The Conservative leader has to prove he can deliver results
Ian Duncan Smith's performance is going to be crucial at this conference.
There are serious doubts about how effective he is as leader.
And there are Tories who will tell you, publicly and privately, that they don't think they can win an election with him as leader.
So he's really got to prove his mettle. Last year he asked the public not to underestimate the determination of "a quiet man".
Well there's got to be proof that this determination is delivering concrete results, in terms of well thought-out policies and electoral success.
Everybody knows that the Tories did badly in the Brent East by-election, being pushed into a poor third place.
Arguing that it wasn't their natural territory was not completely true as they have run the council there several times.
On the other hand the Conservatives are now the main party in local government.
They've got more councils and councillors than any other party.
Yet IDS has had a stormy year.
There was concern over the way he handled the issue of gay adoption when he enforced a three line whip for Tories to vote against it.
Many MPs disobeyed him, and IDS accused them of undermining the leadership. That left a bad odour in the party.
Then there was the resignation of the chief executive Barry Legg, who had only been appointed by Duncan Smith a few months before.
Many saw that as an example of the Tory leader's bad judgement.
And on local election night we had the famous resignation by the front bench spokesman Crispin Blunt, attempting to force a leadership vote.
Duncan Smith came through that unscathed, but now he has to prove he can increase the party's support.
Despite this, I'd be surprised if he gets an openly hostile reception at the conference.
Instead, there may well be an attempt to rally round him, especially as he's bound to mention the successful local election results as proof he can deliver electoral success.
The repercussions of the Iraq war might resurface in Blackpool.
The Conservatives were behind the government's decision, and right now, they're still saying it was right to go to war.
But they are questioning the government's evidence. They want to know why is it that the prime minister is so confident that weapons of mass destruction will be found.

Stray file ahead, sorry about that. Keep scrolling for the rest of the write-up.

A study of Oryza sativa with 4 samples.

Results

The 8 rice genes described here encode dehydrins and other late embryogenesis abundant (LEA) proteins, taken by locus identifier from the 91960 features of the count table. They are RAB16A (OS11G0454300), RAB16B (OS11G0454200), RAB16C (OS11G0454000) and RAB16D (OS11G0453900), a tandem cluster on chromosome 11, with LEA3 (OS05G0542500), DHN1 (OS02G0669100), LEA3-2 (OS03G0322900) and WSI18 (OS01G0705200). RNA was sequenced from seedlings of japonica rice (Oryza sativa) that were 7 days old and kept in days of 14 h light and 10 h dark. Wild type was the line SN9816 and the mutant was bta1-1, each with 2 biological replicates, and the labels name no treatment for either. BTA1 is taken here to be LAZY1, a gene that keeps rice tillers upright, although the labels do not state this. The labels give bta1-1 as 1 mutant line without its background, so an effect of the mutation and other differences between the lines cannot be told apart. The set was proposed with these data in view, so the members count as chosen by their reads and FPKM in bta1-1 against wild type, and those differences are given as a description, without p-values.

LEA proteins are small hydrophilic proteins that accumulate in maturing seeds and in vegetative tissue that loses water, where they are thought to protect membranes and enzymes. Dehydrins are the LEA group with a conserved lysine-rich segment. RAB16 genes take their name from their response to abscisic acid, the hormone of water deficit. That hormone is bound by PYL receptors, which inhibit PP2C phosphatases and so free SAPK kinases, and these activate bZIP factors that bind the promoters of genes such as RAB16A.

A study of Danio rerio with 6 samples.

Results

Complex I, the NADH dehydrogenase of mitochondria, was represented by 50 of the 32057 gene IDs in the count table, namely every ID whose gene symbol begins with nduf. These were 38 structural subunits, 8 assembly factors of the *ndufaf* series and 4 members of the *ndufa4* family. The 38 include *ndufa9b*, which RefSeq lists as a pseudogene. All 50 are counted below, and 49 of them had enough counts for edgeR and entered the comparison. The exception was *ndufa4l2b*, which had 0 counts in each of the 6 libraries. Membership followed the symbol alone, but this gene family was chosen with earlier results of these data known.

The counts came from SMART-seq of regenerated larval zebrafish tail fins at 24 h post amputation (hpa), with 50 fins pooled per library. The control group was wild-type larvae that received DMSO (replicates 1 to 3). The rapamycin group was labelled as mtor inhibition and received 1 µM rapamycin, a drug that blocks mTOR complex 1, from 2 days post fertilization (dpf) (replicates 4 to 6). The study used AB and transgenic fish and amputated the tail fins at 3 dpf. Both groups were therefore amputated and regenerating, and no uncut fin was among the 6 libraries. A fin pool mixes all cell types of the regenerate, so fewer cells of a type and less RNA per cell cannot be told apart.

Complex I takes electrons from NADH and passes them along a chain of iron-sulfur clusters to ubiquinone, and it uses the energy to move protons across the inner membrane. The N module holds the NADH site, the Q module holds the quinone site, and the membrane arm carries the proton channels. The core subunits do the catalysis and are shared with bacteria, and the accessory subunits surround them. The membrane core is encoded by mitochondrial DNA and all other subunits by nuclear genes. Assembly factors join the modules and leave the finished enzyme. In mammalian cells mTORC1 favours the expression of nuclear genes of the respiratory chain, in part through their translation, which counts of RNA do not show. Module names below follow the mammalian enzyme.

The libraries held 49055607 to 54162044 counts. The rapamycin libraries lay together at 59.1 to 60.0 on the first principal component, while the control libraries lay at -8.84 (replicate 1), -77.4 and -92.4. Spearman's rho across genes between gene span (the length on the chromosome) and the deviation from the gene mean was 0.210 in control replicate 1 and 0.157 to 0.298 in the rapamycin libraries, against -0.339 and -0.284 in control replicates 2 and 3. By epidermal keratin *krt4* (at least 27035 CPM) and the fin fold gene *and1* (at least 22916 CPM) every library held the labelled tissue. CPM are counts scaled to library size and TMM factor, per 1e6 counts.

The irony is that perhaps the one thing that has leached support for the government is Iraq, and yet the Tories are unable to take advantage of it in the same way as the Liberal Democrats because of their initial support for the war.
Theresa May made a famous speech last year where she said that many people thought the Tories were the nasty party - that upset a lot of members, who want to avoid a replay of that tension this year.
The theme of caring conservatism may make reappearance on the platform this week, but many people find it hard to accept.
Duncan Smith might convince his own members that he's building a compassionate party, but convincing the electorate may be more difficult.
Michael Howard may face pressure for tax cuts
The other flashpoint to watch is the desire by the Thatcherite side of the party for a definite commitment to cut tax.
Yet the shadow chancellor, Michael Howard, has already said that he may not be able to afford to cut taxes in his first Budget.
There'll be few if any surprises on the policy front.
What we will see is an attempt to put flesh on the bones of existing policies, such as the 'Patients Passport', a plan to allow NHS patients to buy private healthcare using state funds.
And of course they'll be attacking Labour by saying that their taxing, spending and failing.
Expect to see a revival of that old slogan "Labour isn't working" but this time with the added word "again".
One thing the conference will be expecting is a different image.
We know that Duncan Smith has had a makeover, receiving guidance on how to look and sound, rather like another famous Tory who changed her image.
But it is noticeable that when he raises his voice it becomes croaky.
So he might be remaining the "quiet man", whether he likes it or not.